THE FBI announced last weekend that three Muslim men had been arrested for plotting to blow up fuel tanks and pipelines at John F. Kennedy International Airport.
The New York Times story about the plot ran on page 30 of the national edition. The front page was reserved for a sympathetic story about Omar Ahmed Khadr, a suspected al-Qaeda terrorist being held at Guantanamo Bay.
We learned early in that story that Mr. Khadr was only 15 when he was arrested in Afghanistan in 2002; that he is "nearly blind in one eye" from the firefight in which he killed one American soldier and maimed another, and that he "doesn't trust Americans." Only much deeper in the story does reporter William Glaberson mention that young Mr. Khadr's father was a senior deputy to Osama bin Laden.
Had the JFK plot succeeded, thousands of Americans could have been killed, and the economic damage could have made the $27.2 billion in direct costs resulting from the 9/11 attacks seem like pocket change.
Reporters Cara Buckley and William Rashbaum didn't get around to mentioning this until the 28th paragraph in their story. But in the fifth paragraph, they tell us JFK "was never in imminent danger because the attack was only in a preliminary phase."
The originator of the plot was Russell Defreitas, 63, a naturalized American citizen born in Guyana who had worked at JFK. Two other conspirators were arrested in Trinidad. A fourth named conspirator is at large. Seven other plotters are mentioned in the indictment.
"One law enforcement official played down Mr. Defreitas' ability to carry out an attack, calling him 'a sad sack' and 'not a grade A terrorist,'•" Ms. Buckley and Mr. Rashbaum wrote. The Times reporters did not mention that federal officials suspect Adnan el-Shukrijumah, al-Qaeda's nuclear expert, may have been involved in the plot.
The Times reporters also played down the threat posed by six Muslim men arrested May 8 for planning to massacre soldiers at Fort Dix in New Jersey. The original Times story didn't get around to mentioning that the plotters were Muslims until the sixth paragraph. Subsequent stories questioned whether there was a religious motivation for the planned attack and speculated that the Fort Dix Six may have been victims of entrapment.
On May 22, the Pew Research Center released a poll which indicated that 26 percent of Muslims in the United States under age 30 believe suicide bombings are justified under some circumstances. (Two percent of young Muslims told Pew they're often justified.)
"It is a hair-raising number," said Radwan Masmoudi, president of the Washington-based Center for the Study of Islam and Democracy. But the New York Times story on the poll didn't mention this until the seventh paragraph. Brian Knowlton's lead sentence began: "A new poll of American Muslims reveals a group that is better assimilated, more content and less politically polarized than counterpart Muslim populations in Western Europe."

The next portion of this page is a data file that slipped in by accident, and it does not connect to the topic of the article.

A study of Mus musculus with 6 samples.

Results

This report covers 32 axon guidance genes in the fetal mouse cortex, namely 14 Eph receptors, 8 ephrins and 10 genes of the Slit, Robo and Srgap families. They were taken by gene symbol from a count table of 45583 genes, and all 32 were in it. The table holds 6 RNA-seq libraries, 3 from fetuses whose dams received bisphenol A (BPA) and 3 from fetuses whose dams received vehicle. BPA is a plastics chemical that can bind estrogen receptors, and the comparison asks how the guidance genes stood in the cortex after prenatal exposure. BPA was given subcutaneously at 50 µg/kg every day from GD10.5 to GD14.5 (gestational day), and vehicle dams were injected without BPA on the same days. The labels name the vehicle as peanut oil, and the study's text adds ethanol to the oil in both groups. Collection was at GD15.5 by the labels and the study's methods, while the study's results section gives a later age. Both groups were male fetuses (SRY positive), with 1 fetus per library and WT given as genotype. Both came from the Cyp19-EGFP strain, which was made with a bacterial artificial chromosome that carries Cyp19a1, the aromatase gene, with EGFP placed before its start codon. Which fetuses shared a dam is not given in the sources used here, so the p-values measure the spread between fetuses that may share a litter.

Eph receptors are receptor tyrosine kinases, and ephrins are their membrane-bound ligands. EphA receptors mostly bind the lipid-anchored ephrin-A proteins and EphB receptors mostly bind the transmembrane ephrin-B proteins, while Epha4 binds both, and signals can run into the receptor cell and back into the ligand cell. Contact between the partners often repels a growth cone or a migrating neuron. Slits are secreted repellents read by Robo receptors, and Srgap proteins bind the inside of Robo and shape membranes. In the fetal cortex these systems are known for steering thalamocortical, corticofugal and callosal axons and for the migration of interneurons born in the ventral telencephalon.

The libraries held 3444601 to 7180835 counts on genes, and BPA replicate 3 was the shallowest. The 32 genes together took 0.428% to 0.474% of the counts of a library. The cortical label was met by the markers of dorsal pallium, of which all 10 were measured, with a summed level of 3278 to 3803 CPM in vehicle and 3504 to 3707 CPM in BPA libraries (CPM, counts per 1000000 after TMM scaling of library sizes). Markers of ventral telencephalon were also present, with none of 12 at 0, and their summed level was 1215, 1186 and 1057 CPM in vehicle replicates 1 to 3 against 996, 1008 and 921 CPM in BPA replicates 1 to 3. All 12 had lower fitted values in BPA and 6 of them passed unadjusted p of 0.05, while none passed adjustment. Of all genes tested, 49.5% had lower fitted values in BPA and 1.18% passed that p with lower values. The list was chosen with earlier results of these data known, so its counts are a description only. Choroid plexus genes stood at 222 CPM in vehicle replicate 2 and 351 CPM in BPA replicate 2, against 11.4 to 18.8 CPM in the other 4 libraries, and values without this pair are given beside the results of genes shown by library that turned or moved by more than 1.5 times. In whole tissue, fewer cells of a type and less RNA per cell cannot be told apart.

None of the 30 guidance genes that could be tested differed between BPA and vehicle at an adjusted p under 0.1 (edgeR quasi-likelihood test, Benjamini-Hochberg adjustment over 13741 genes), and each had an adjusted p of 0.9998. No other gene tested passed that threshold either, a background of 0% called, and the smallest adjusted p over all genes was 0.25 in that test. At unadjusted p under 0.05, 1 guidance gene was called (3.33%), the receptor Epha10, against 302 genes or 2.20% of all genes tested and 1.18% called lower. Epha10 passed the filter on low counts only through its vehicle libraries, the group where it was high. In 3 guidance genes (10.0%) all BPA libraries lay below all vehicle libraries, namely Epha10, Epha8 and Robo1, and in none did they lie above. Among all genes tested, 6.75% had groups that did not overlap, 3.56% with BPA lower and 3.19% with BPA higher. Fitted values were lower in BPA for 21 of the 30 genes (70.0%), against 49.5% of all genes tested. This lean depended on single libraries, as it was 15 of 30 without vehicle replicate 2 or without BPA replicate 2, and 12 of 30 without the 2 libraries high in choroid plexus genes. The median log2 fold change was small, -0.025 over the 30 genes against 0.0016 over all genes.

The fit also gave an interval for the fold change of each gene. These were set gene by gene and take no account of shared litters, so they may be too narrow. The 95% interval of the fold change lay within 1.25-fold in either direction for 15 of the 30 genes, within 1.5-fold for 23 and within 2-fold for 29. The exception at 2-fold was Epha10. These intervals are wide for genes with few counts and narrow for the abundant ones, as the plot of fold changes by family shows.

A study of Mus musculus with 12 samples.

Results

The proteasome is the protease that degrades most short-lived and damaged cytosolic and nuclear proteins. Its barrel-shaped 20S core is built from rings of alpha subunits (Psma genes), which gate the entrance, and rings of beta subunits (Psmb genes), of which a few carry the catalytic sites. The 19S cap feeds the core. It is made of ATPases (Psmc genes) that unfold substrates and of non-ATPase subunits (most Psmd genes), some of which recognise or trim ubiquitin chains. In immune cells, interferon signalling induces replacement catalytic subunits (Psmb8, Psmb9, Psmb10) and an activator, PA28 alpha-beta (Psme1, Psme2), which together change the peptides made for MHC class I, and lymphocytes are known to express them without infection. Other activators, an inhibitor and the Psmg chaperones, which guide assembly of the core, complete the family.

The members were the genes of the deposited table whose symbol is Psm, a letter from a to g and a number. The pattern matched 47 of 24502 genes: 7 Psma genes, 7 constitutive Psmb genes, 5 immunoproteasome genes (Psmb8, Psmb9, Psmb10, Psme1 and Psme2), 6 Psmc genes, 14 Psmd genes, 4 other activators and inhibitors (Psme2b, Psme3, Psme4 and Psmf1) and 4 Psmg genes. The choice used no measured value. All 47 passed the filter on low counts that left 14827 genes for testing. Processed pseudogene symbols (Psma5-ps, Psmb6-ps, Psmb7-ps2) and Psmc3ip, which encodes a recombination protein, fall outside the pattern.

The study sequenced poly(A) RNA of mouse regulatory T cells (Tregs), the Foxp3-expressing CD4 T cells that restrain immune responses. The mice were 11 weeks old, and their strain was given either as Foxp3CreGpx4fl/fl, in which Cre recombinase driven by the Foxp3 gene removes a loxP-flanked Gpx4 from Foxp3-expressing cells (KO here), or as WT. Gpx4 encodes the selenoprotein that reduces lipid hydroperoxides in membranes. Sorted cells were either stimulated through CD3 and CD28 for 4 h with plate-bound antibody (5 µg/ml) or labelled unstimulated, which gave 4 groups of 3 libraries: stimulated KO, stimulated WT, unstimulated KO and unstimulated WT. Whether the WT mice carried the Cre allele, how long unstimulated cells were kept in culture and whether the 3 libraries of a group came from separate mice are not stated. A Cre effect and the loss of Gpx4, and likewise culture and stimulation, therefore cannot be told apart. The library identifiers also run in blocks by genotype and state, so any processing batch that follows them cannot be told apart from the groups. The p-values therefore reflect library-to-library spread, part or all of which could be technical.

Some of the less assimilated and more polarized seem to be gathering at Islamberg, a Muslim commune in the Catskills, the New York Post reported Monday.
Neighbors have reported gunfire and military-style physical training at the commune, which is thought to be associated with Jamaat al-Fuqra. An al-Fuqra member was jailed in a 1996 plot to bomb bridges and tunnels in New York City. Others are suspects in assassinations and fire bombings in the United States. One neighbor reported seeing commune members dressed in port authority uniforms, the Post said.
On ABC's This Week program last Sunday, Rep. Jack Murtha (D., Johnstown) said the JFK airport plotters were provoked by the U.S. invasion of Iraq.
Mr. Murtha has difficulty with time lines. Sep. 11, 2001, happened before March 19, 2003, when the Iraq war began. So did the 1993 World Trade Center bombing, the 1996 bombing of the Khobar Towers in Saudi Arabia, the 1998 attacks on the U.S. embassies in Kenya and Tanzania, and the attack on the USS Cole in 2000.
Radical Islamists have been trying to kill Americans since long before the Iraq war began. There is no reason to suppose they will stop trying to kill Americans when the war in Iraq ends. But in the Democratic presidential debate in Manchester, N.H., Sunday night, all the candidates argued, in effect, that our troubles will be over once the troops have been brought home.
There are two Americas, Democratic presidential candidate John Edwards is fond of saying. And he's right.
One recognizes the threat posed by radical Islam. The other is blind to it.